Saturday, 28 May 2016

BITE-SIZE REVIEW: Peace After Marriage (2013)

I saw a trailer for this a few years ago, but it never came out down here. It's a small move that did the festival circuit for a while, so I was hopeful it would turn up, but no dice. Thanks to the magic of the Internet, I finally got around to seeing it.

A Palestinian-American man, Arafat (Ghazi Albuliwi) is looking for love. Stuck at home with his parents, he is a struggling comedian and actor. Desperate for cash and a chance to escape his parents, he gets into an arranged marriage to help a young woman get her Green Card. 

The only catch is she's Israeli. 

The basic plot is fairly familiar. Two opposites are brought together by contrivance, clash and then eventually...

First things first: This movie is very, very funny.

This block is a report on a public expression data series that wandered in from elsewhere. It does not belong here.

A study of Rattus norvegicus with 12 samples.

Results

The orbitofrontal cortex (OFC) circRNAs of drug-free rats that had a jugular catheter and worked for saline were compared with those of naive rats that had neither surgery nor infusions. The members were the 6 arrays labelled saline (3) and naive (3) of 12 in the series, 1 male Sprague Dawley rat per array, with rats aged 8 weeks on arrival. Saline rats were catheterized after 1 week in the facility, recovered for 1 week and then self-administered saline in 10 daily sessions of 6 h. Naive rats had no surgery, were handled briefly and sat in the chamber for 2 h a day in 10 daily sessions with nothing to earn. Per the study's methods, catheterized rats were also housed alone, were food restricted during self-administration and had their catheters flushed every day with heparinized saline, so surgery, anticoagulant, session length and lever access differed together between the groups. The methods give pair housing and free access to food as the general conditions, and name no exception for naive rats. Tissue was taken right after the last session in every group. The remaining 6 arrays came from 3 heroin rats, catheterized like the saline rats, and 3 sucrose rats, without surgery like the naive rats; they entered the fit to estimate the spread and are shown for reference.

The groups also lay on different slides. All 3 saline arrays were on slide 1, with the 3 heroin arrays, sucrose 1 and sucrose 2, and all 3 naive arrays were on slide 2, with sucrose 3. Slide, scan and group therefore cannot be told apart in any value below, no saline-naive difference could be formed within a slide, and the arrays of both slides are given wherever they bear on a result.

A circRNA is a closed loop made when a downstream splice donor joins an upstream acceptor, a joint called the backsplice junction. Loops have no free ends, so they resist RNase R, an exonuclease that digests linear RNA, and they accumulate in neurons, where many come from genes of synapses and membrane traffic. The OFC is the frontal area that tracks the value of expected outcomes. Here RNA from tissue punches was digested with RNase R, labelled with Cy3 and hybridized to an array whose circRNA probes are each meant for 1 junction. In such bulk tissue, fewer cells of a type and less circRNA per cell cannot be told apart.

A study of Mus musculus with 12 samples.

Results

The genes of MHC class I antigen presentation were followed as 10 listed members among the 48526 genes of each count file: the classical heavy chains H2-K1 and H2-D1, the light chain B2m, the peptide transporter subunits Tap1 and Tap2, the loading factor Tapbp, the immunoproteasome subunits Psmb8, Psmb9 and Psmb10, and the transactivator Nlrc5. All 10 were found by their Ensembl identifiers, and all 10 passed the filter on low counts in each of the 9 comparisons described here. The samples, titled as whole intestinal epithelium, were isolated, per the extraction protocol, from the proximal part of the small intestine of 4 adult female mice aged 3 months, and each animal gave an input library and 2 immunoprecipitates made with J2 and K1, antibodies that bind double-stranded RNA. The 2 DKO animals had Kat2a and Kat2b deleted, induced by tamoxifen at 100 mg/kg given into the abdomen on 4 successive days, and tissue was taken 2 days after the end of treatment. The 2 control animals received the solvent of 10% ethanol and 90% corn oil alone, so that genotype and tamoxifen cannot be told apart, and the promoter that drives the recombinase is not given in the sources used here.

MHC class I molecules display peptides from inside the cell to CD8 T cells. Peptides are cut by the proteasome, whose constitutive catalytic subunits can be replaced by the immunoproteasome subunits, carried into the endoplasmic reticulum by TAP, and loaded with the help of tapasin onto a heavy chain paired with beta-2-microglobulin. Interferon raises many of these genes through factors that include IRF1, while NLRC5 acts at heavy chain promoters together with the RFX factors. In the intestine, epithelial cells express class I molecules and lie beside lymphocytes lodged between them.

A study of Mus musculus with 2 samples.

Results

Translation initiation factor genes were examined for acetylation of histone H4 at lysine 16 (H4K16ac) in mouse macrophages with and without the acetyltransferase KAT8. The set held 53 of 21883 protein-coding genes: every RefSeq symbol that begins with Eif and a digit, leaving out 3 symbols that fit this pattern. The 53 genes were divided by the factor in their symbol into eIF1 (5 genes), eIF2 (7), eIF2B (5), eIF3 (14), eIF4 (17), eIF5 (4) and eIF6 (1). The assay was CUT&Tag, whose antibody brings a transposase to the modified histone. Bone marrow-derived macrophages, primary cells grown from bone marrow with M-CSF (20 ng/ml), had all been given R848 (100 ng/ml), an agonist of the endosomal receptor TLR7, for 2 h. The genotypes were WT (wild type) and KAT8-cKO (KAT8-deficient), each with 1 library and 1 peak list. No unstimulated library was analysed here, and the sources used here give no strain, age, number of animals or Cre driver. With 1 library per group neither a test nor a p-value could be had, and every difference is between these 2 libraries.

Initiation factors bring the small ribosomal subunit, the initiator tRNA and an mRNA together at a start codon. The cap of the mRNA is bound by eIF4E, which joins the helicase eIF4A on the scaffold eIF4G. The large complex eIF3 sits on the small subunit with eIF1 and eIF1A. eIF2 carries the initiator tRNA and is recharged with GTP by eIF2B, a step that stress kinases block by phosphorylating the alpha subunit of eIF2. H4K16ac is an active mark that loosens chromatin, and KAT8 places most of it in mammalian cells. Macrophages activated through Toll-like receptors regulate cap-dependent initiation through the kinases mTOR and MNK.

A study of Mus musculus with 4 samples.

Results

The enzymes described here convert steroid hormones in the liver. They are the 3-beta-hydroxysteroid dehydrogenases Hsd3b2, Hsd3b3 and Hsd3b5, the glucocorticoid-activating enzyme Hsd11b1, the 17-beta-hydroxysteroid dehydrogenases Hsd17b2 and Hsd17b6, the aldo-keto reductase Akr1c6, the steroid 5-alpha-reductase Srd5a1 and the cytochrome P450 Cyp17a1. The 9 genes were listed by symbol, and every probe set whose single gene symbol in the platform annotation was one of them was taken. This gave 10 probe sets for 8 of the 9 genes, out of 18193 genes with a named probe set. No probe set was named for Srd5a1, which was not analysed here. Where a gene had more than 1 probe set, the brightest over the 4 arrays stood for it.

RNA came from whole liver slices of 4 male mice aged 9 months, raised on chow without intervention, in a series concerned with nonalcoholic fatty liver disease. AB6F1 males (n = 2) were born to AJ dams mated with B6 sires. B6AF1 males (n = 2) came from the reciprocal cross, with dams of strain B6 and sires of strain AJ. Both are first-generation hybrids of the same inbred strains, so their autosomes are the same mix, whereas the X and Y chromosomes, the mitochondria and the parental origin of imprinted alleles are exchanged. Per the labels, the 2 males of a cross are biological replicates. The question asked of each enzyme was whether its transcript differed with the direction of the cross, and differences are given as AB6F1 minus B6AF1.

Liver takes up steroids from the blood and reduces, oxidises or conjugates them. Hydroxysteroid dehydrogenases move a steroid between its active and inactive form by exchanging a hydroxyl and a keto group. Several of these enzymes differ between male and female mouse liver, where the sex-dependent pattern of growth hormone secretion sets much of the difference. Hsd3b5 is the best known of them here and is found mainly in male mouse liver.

Albuliwi has a great way with one-liners, and is a warm, affable lead. The film boasts some great set pieces poking fun at the cultural divide between Arafat and his new bride Miki (Einat Tubi): 

Particular highlights for me included: 

  • Arafat's attempt to dispose of his porn collection is foiled by cops who think an Arab with a suitcase is suspicious
  • the interfaith ceremony is a disaster, with the rabbi and Iman officiants just shouting over each other.

Peace After Marriage is a very New York movie. It's hard to imagine a comedy like this working anywhere else. The backdrop also can't help but recall the work of Woody Allen. Albuliwi (who also wrote and co-directed with Bandar Albuliwi) has been working as a stand-up comedian since he was 17, and has a neurotic, nervy energy that is very reminiscent of Annie Hall-era Allen.

Final verdict: Peace After Marriage is a fun movie. It's a little ragged around the edges and the plotting is a little cookie cutter, but it's a warm, funny little comedy which, however unintentionally, acts as the perfect rebuke to the paranoia and cartoon distinctions of these Trumpified times.